I’m obsessed with TED talks. I listen to them when I’m cleaning my room, at the gym, on the bus, literally any time of day or night, my podcast app is open and on play.

Out of the hundreds of hours of ideas I’ve heard, there is one talk that stands out in my mind not simply because it was delivered in the unmistakable captivating TED rhythm, but because it fundamentally transformed the way in which I view my relationships. Listening to Dr. Brené Brown, a PhD social worker’s, talk,  “The Power of Vulnerability” was a turning point in my life (it is the most-watched TED talk in the world for a reason). Alone on the stage, she convincingly explains how being vulnerable facilitates deeper connections with those around you and how this leads to a greater degree of happiness. 

During my first year at Pearson United World College, an international school designed to foster leadership potential and global cooperation through education, I’ve had to fully embrace this idea.

 Those who know me well would describe me as a complete and committed extrovert. Yet at Pearson, with the opportunity to build bridges with 200 people from over 100 different countries, I initially struggled to find my friends. my people. During my first few months on campus, anxiety would often fill my chest and my mind would race. This was a new and uncomfortable feeling. For the first time in my life, I felt small, introverted, and I quickly realized that making friends at Pearson wasn’t the same as making friends at home. Here, people craved deeper connections that many of my other friendships had lacked. I began to realize that up until I moved away from home the only person I had been truly vulnerable with was myself. In the past, if I had family problems, I fixed them. If I had relationship problems, I fixed them. If I had a “me” problem, I fixed them. I was the only person I had let care about myself and while I would sit and console my friends for hours, I’d hesitated to share what was causing me pain or worry because I didn’t want to be a burden. Over the past year I’ve had to reconcile my innate relational prototype and learn to accept that there are actually people who want to know about me, people who want to help me and people who care about my wellbeing. Being completely honest, this was terrifying. I started telling people things about myself that I’ve never told anyone, and it turns out that sharing these stories brought many new things into my life: people, connections and opportunities.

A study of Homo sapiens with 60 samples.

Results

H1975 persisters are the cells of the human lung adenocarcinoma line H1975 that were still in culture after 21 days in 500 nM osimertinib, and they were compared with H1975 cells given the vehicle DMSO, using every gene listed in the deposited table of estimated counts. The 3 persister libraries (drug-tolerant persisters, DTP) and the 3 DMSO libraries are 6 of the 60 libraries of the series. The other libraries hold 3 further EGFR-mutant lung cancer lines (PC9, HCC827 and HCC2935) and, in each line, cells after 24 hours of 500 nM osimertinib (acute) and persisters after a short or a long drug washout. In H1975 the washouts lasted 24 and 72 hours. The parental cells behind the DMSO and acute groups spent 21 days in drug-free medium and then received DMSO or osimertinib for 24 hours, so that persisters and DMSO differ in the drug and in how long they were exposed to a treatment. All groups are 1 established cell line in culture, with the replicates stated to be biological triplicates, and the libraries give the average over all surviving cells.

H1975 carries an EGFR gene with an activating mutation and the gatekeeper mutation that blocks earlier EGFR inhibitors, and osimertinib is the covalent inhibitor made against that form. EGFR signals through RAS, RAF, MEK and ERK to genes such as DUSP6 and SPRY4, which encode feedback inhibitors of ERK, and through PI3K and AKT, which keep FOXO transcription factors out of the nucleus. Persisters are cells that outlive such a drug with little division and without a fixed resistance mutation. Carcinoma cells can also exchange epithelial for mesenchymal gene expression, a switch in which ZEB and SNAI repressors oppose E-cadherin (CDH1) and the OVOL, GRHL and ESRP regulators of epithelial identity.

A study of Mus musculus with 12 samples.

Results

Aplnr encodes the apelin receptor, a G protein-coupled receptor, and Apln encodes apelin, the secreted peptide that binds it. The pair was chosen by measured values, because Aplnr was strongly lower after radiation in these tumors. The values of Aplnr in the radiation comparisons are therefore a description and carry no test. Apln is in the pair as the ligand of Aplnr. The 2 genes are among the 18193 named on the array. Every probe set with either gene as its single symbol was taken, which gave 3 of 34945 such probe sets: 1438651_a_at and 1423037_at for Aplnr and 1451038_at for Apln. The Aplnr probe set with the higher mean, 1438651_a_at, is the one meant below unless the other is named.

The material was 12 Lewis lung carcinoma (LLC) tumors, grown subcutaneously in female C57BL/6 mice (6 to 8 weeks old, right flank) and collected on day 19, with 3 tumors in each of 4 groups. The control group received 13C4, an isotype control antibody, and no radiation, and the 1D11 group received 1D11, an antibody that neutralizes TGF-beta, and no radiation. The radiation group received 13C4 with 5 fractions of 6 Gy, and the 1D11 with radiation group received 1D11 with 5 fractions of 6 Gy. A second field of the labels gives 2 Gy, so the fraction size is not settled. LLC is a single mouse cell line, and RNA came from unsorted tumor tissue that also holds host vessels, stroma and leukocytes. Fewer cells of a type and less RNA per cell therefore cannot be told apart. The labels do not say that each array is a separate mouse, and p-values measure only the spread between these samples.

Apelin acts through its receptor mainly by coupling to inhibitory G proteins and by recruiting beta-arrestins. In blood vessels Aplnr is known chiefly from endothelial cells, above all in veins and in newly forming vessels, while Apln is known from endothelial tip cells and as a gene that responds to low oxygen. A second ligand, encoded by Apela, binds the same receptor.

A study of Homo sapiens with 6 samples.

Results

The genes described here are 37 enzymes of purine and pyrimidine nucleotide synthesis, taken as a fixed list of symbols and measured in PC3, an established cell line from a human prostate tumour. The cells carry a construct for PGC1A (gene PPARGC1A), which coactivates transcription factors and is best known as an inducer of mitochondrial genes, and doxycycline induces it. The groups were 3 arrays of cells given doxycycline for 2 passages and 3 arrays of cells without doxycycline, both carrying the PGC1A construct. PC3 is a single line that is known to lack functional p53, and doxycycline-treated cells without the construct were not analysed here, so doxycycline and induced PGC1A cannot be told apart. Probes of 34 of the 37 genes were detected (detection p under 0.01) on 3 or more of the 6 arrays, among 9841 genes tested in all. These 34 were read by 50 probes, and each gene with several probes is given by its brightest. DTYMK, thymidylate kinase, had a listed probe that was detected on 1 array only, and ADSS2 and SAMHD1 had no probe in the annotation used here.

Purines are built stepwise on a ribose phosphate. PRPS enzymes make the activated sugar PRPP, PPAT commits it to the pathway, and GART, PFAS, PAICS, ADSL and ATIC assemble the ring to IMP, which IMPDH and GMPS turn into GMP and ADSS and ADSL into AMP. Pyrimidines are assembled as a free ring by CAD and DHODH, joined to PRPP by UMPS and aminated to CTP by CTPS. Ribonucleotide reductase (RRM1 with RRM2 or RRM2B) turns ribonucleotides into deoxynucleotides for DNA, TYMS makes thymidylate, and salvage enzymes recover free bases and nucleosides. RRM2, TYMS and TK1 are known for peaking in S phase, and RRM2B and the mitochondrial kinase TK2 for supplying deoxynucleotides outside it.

When I practiced being vulnerable my world changed. I was happier when I embraced the person I was and stopped trying to be what I thought everyone expected from me. I came to realize, when I came to Pearson,  that I had yet to push myself outside of my comfort zone, because that, for me, was opening up to my community. My confession, I guess, is that I’m still learning. I’ve gotten much too comfortable with my everyday routine and consistently fall into the trap of believing I have fully come into my own, that I understand myself and that I am 100% content with the person I am. Yet here, I admit to myself, I confess that I have a long way to go, that I need to find experiences that will push me outside of my comfort  zone and that I have not yet become the person I think I am.